28 March 2016


Is recess on the decline in Oklahoma?

Although recess is widely considered to be disappearing on the whole, most American elementary students still have a daily recess. A U.S. Department of Education survey found that 88 percent of first graders participate daily in recess, along with 83 percent of sixth graders.

Oklahoma law requires public elementary schools to offer 60 minutes of structured physical education (P.E.) per week for students in full-day kindergarten through fifth grade. Schools are also required to incorporate at least 20 minutes per day of recess in addition to the 60 minutes of weekly P.E. The Oklahoma Board of Education strongly advises school districts to encourage physical activity breaks throughout the day, physical activity clubs and special events, but these decisions are left to the discretion of each district.

What is on the decline is the amount of recess given. Time previously spent at recess is being shifted to the classroom as academic performance standards rise. However, the American Academy of Pediatrics agrees that decreasing recess time may actually be counterproductive to academic achievement.

How Recess Affects Child Health

The changing role of recess

Recess is not just another break in the school day for using the restroom or getting a drink. Time spent on the blacktop or playground with classmates and friends plays a critical role in developing a well-rounded, healthy child. Free play at recess is not only a mental break from the rigors of the classroom and a time for the mind to recharge, but also has proven benefits for cognitive, social, emotional, and physical growth. At recess, children hone skills in conflict resolution, sharing and negotiating, leadership and collaboration. Playing games, establishing rules and following those rules exercise not only the body, but the imagination.

It’s no secret that childhood obesity rates are on the rise, and recess, by itself, will not reverse this trend. However, studies show that compared to children who remain sedentary all day, children who are active during the day are more active after school and sleep better, as well. Playing outside during recess builds a child’s immune system, helps alleviate depression and anxiety, and contributes to more consistent school attendance overall.  Unstructured physical activity at recess builds a foundation for an active, healthy lifestyle from an early age.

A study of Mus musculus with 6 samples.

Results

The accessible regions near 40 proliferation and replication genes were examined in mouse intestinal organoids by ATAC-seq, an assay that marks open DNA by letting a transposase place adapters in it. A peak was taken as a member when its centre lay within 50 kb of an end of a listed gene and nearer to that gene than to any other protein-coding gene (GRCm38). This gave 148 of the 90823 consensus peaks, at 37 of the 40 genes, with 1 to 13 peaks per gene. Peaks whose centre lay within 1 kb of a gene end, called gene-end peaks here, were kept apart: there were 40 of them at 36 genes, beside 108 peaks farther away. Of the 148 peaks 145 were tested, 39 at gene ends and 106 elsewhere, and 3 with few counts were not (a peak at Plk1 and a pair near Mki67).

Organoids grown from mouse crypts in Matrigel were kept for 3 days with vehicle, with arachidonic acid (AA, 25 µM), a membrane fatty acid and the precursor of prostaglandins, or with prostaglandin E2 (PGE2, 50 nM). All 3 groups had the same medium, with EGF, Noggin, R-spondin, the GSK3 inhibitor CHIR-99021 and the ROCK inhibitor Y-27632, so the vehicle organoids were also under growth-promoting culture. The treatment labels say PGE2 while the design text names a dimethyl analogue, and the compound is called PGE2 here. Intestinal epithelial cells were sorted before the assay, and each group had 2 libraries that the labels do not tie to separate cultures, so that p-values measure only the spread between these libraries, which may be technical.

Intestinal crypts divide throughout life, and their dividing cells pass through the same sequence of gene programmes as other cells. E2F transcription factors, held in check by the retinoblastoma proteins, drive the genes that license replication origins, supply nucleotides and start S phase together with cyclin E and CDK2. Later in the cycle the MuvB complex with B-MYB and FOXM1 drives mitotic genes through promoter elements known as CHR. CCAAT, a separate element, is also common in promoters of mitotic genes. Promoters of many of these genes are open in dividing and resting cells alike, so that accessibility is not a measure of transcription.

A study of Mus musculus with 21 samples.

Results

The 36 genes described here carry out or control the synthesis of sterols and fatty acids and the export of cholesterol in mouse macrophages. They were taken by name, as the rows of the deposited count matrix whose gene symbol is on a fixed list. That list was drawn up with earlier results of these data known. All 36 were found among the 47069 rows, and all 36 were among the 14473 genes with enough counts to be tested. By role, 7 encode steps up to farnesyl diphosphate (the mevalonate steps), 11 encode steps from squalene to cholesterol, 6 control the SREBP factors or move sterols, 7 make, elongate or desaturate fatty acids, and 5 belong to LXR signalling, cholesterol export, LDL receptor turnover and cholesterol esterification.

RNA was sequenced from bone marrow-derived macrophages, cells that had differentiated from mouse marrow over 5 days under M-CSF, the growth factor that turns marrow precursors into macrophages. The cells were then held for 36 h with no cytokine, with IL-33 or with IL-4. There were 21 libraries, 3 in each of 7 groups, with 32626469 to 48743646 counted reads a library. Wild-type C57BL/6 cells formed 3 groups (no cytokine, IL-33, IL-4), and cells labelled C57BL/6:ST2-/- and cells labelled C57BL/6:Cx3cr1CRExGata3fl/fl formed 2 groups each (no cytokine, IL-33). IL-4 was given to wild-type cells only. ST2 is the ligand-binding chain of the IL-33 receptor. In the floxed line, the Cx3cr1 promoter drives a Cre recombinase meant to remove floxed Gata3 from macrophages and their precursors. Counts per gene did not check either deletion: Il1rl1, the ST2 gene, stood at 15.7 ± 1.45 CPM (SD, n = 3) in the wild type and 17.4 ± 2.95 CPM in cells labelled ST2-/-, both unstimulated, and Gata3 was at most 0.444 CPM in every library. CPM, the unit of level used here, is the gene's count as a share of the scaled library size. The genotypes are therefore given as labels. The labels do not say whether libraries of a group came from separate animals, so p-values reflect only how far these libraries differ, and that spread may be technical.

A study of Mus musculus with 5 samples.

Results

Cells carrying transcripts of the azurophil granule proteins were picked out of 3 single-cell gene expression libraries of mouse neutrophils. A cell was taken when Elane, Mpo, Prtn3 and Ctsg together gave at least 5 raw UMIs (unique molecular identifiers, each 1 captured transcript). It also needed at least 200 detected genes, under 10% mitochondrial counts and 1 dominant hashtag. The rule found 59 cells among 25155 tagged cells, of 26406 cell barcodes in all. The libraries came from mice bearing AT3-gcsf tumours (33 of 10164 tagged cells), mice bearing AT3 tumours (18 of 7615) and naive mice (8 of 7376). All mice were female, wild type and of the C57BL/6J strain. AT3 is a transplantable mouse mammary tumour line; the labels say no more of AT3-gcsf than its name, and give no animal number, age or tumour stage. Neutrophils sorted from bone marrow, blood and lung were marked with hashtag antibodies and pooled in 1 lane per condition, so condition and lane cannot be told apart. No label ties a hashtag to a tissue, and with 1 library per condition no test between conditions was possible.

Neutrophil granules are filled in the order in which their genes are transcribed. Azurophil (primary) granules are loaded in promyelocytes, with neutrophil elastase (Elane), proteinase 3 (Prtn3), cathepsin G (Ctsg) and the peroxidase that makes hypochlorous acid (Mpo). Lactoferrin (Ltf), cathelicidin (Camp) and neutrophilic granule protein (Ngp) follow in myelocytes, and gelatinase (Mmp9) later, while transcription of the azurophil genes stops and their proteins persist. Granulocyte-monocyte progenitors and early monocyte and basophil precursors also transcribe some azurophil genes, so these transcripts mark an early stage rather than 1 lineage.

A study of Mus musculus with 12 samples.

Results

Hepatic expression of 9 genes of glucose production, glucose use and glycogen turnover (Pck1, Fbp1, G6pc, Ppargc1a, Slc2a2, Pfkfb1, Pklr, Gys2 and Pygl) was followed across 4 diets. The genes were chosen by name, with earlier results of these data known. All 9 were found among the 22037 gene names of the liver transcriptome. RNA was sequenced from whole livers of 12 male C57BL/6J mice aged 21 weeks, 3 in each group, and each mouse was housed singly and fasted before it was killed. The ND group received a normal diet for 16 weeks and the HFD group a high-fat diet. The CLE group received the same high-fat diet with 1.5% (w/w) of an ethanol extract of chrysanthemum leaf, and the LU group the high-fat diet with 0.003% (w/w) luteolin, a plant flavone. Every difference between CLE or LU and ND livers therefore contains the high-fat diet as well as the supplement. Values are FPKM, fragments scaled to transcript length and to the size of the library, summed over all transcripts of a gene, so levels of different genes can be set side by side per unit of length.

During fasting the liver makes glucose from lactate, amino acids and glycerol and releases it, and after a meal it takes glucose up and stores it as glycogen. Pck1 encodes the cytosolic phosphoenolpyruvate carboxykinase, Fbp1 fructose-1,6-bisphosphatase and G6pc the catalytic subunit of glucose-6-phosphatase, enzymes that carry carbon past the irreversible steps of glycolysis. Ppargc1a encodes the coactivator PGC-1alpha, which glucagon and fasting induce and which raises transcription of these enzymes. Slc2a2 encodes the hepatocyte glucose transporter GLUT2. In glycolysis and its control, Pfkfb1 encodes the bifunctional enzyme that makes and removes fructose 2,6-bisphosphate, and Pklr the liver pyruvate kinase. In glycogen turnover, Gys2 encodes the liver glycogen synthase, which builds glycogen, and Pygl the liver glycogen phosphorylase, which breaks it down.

A time for autonomy

Recess and P.E. class are not the same thing, nor are they substitutes for one another. P.E. is instructional time with a teacher in control, whereas recess allows the children to control their own activities. That autonomy factor is key. After-school clubs, play dates and sports teams are also productive activities, but again, these opportunities are typically structured and led by an adult. At recess, each child gets to personally choose whether they want to be social, physically active, creative, or if they just want to rest. Recess is a chance for children to organize their own activities, choose their own playmates and take ownership of their time.

Do the variations in recess matter?

Many schools hold recess at the end of lunchtime so children can head outside after they finish their meal. The problem with this set-up, however, is that kids are so eager to get outside, they rush through eating and end up wasting food, especially fruits and vegetables. The American Academy of Pediatrics suggests that having recess before rather than after lunch is a better approach. After making the switch, researchers observed the students had bigger appetites at lunch and took their time to eat healthier foods, which improved concentration in the classroom throughout the afternoon.

Recess tends to vary by school on the degree to which it is supervised and organized. While intended to be a time of free play for children, having a designated recess monitor initiating games and activities has been shown to increase overall feelings of safety and encourages higher levels of active physical participation, especially in girls. Teachers can get to know their students on a different level by observing how they interact on the playground, and can use their observations to better manage their classroom and prevent bullying.

Kid on Playground

How one Oklahoma school is reinvigorating recess

Chattanooga Public School is the first elementary school in Oklahoma to test an inventive new recess model called Let’s Inspire Innovation ‘N Kids, pioneered by Texas Christian University. In the Liink Project’s model, participating schools seek to put more emphasis on physical activity and character education, offering four 15-minute recesses per day as opposed to the standard 20 minutes. So far, the results are very positive. Teachers report their students are more focused, tattle less often, listen more attentively, follow directions better and attempt solving more problems on their own before asking for help. Discipline issues have decreased, and overall morale among students has improved.

Want to know more?

Commonly viewed for years as a break in a monotonous day or just a chance to swing on the monkey bars, recess plays a role in our children’s development more crucial now than ever before. As schools shift to a focus on core curriculum, it’s important not to overlook how recess helps mold a well-rounded child who is physically healthy, confident and resilient.